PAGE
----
1. Look at Areas with High Demand and Low Supply.  It will be helpful if you have an interest in the area of course but it will also be helpful if the area in which you are interested is active and constantly changing (high demand).  Tax is a good example both on the demand side and the supply side.  The demand is high because the law is constantly changing so the need for technical tax lawyers is up.  The supply is low because there seems to be a disproportionate amount of older folks practicing in the area (particularly at law firms).  This phenomenon is not unusual given the nature of the practice that generally requires additional training and/or schooling beyond the JD.
  2. Follow closely current events that relate to the passage of new laws (particularly major legislation).  The newspaper is a start but you may also want to check out industry periodicals that go deeper into the substance.  Some obvious examples of areas in the news are tax (Bush rates expiring, AMT patch needed, various tax reform proposals), health law (Affordable Care Act, Medicare, etc.), and securities (Dodd/Frank, Volcker rule, etc.).  You can also go to congress.gov to find out what subject areas are generating the most introduced legislation.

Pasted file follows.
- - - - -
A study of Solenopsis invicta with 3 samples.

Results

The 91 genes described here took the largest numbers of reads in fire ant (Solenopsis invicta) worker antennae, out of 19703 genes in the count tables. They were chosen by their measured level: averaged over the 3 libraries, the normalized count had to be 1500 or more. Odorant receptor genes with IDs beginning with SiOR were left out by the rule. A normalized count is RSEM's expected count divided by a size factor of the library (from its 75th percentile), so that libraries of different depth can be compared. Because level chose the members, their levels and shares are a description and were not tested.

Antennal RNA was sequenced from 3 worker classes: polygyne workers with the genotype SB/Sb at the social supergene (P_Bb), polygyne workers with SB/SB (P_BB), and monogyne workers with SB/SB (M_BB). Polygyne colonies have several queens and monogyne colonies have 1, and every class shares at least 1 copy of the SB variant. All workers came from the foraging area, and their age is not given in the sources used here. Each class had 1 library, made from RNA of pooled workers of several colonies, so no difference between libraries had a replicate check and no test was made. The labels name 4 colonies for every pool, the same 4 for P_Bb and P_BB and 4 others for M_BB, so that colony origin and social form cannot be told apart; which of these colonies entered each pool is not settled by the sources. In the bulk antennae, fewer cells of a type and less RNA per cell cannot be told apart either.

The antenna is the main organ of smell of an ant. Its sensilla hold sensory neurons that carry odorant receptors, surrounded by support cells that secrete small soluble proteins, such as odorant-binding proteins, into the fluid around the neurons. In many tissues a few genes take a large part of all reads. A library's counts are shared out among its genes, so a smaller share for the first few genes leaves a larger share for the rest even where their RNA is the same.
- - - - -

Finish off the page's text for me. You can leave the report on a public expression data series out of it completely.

3. Dig deeper into topics that interest you.  There are many sources that get into the substance.  If you know lawyers that practice in a certain area, ask what they read.  Ask your professor what folks practicing in the area read or what he or she reads.  Use this research to help you pick one or two subject areas (niche) within the large practice area.  Your career services department may provide some suggestions as well.
  4. Find out where this law is being practiced.  Once you have an area or areas and a subject within that area, find out for where folks practice this type of law — government agencies, law firms, congress (on policy side), courts, non-profit organizations, companies (big and small), etc.  Also, are there particular places in the country where these jobs are more abundant (i.e., DC for regulatory work, NY for corporate/securities transactional work)?  Again, the career services department may be helpful, as will professors.
  5. Network to find out what folks actually do.  After you have your area, the subject or two within that area, and a sense of where folks practice that type or law, contact folks that practice the niche you identified and ask them about their path and what their typical day looks like.

 

Image courtesy of FreeDigitalPhotos.net.